By Rich Smith - Jan 6, 2017 at 12:22PM


So you've opened your first online discount brokerage account, and put a little money in it. You're all ready to trade stocks online. But how do you start?

With just the push of a few buttons, you can learn to invest and start trading stocks online. Image source: Getty Images.

Learning where to start investing in the market can be intimidating for beginners. But here's the good news: If you've already navigated the forms needed to set up a brokerage account and transferred money into it, that was the hard part. Learning how to use that account to buy and sell shares of stock is actually pretty easy, as we'll now show you with this easy three-step guide to start trading.

Trading stocks online really boils down to just three steps: Log on, find your ticker, and fill in the blanks.

Step 1: Log on

Regardless of which broker you're using, the first step to trading stocks is to log on to your discount broker's website. Enter the user name and password that you picked when you set up the account. Click "log in," and you should be taken to your broker's main page.

Step 2: Find your ticker

Presumably, you have a stock in mind that you want to buy, right? Let's say you want to invest in shares of Bank of America (BAC 0.66%) stock. Statistically, that seems a likely choice. After all, Bank of America was the most active stock traded on the New York Stock Exchange on the last trading day of 2016 -- and the first trading day of 2017, too!

Before you can buy and sell Bank of America stock, though, you need to know how your broker refers to it: by its "stock ticker." A ticker is a unique series of one-to-five letters, each identifying one of the 7,000-odd stocks trading in the U.S. today.

There are many ways to learn a company's stock ticker. Here's an easy one: Click over to Yahoo! Finance (Here's a link.) Find the search box at the top center, and start typing the words "Bank of America" into the box. About halfway through your typing, the search engine is going to suggest you might be looking for "BAC, Bank of America Corporation." And bingo! That's the one you want.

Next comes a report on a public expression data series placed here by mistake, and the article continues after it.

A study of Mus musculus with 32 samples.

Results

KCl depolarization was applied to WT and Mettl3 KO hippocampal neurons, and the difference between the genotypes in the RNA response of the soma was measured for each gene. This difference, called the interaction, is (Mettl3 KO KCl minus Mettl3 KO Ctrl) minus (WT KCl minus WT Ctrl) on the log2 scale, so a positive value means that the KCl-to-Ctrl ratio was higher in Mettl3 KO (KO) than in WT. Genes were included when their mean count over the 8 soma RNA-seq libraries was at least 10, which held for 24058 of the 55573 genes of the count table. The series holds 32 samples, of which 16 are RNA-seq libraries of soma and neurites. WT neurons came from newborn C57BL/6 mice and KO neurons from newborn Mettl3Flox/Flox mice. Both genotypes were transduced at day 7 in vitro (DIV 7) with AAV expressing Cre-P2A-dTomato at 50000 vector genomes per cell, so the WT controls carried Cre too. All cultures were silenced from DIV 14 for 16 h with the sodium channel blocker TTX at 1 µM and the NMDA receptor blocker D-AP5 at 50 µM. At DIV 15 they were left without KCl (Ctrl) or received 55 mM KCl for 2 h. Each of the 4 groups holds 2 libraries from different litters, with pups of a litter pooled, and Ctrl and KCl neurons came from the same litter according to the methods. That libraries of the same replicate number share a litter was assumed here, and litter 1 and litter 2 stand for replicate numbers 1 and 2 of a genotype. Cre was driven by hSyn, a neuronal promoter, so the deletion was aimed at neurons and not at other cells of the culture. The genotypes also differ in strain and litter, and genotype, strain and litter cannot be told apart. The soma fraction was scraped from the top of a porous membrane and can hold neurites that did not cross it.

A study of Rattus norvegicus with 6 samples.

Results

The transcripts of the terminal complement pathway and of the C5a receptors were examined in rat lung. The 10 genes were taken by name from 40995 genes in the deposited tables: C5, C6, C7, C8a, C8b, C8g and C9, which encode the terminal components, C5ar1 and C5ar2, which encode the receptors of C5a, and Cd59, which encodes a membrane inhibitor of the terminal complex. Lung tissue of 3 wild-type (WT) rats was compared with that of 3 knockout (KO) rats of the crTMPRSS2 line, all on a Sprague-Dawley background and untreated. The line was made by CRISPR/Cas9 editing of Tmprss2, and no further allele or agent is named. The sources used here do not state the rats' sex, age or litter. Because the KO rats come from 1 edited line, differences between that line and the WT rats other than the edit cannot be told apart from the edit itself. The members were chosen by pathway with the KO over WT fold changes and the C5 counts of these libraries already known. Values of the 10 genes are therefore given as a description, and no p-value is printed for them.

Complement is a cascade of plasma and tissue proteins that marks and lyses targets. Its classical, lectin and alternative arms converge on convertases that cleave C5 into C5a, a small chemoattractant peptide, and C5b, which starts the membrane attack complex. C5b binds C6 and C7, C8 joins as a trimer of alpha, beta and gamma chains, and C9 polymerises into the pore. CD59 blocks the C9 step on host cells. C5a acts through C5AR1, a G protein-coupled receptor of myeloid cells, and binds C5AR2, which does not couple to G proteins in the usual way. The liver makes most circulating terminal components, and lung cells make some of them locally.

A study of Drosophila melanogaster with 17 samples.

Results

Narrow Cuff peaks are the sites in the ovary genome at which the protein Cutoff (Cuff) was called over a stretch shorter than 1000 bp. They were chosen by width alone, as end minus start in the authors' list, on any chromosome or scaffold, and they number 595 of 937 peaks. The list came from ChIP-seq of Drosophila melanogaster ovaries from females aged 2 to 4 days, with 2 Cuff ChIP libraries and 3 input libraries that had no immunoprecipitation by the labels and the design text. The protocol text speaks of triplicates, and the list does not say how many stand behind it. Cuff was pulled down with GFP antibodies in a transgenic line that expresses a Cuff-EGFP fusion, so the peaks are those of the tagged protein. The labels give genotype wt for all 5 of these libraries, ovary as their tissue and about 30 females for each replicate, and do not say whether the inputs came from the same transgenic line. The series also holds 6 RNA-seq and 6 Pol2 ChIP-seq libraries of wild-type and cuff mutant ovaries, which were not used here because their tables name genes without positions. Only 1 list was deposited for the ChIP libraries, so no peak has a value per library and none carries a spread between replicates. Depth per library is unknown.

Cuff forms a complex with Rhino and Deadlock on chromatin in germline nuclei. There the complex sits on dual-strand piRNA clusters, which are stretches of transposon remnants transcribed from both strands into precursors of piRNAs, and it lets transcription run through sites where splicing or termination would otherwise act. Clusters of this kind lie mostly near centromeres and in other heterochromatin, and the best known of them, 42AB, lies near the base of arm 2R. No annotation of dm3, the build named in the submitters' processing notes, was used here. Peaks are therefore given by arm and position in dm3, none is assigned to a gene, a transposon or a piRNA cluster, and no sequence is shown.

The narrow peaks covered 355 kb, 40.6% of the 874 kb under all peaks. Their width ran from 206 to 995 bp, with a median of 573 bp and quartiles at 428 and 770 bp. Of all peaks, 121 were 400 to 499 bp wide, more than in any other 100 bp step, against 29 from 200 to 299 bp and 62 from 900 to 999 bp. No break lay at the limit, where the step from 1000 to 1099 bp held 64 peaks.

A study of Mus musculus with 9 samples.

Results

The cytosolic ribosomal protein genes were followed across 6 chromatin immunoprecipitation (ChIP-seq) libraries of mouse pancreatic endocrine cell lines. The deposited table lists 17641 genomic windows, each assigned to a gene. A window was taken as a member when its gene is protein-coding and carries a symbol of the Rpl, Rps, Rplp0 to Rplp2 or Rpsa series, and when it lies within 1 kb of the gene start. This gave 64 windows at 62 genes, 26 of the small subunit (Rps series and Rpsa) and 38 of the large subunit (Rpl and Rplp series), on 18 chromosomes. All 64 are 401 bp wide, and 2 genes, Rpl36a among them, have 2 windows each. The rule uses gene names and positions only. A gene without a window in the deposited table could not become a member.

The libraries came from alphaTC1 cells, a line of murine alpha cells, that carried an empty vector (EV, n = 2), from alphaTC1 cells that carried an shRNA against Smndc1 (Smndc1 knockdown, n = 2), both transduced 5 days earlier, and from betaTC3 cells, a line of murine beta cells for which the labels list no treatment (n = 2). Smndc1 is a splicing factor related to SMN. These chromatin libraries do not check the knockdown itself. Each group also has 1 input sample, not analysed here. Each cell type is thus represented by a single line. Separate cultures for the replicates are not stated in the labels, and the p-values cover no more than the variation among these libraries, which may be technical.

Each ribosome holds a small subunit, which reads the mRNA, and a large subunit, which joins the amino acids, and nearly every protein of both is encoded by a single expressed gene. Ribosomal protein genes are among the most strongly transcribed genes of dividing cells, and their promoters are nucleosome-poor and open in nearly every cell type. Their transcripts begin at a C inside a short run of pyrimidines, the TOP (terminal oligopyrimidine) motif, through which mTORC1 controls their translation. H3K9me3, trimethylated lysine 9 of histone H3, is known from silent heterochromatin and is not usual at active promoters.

That three-letter stock ticker is how the market refers to shares of Bank of America stock.

Step 3: Fill in the blanks

Now that you know what you want to buy, you need to find the right "button" on your brokerage account to buy it. This could be anywhere, depending on which broker you use, but it's probably labeled some variation of "trade" or "trading." Click it, and you should be presented with a box containing several blank fields, into which you'll type the following information:

  • What you want to do ("buy")
  • The number of shares you want to buy (let's say "100")
  • The name of the stock you want to buy (BAC)
  • The price you're willing to pay per share (right now, Bank of America shares cost about $23)
  • The order type
  • And the time frame for the order

Answering "100," "BAC," and "23.00" will create an order to buy 100 shares of Bank of America stock, at a cost of $2,300 -- plus a small commission of perhaps $10. But let's flesh out those last two points a bit further.

Order type

The two most common order types are "market" and "limit," but your broker may offer other options -- "stop loss" or "stop limit," for example. Rather than confuse you with the specifics of what these all mean, here's my advice: Always choose "limit."

With a limit order, you can be certain you'll never pay more than the price you enter -- nor sell for less. Simple as that. By contrast, a market order will execute at whatever price the stock happens to trade at the moment you enter it, and that runs the risk of paying much more than you expected.

Time frame

Your broker may offer you even more options for the time frame your order will remain in force. It might "fill or kill" immediately, expire at the end of the day, be good only during ordinary market trading hours -- or only outside of those hours, or remain "good till cancelled," for example.

Your safest choice? Set your order to expire at the end of the day, and you'll never forget you entered an order for something. You'll never "accidentally" buy a stock days or weeks after you placed the order -- especially right after your stock reports bad news and plunges in price.

Decision time

At this point, you've entered all the information your broker requires of you. Click "enter" (or "preview," or a reasonable facsimile), and your broker will present you with a summary of your order, including its total cost. At this point, you can confirm that you want to place the order -- or not. Your broker will attempt to buy the stock at the price you set, within the time frame you set.

Once it succeeds -- if it succeeds -- you'll own your first stock, and have successfully made your first stock trade online.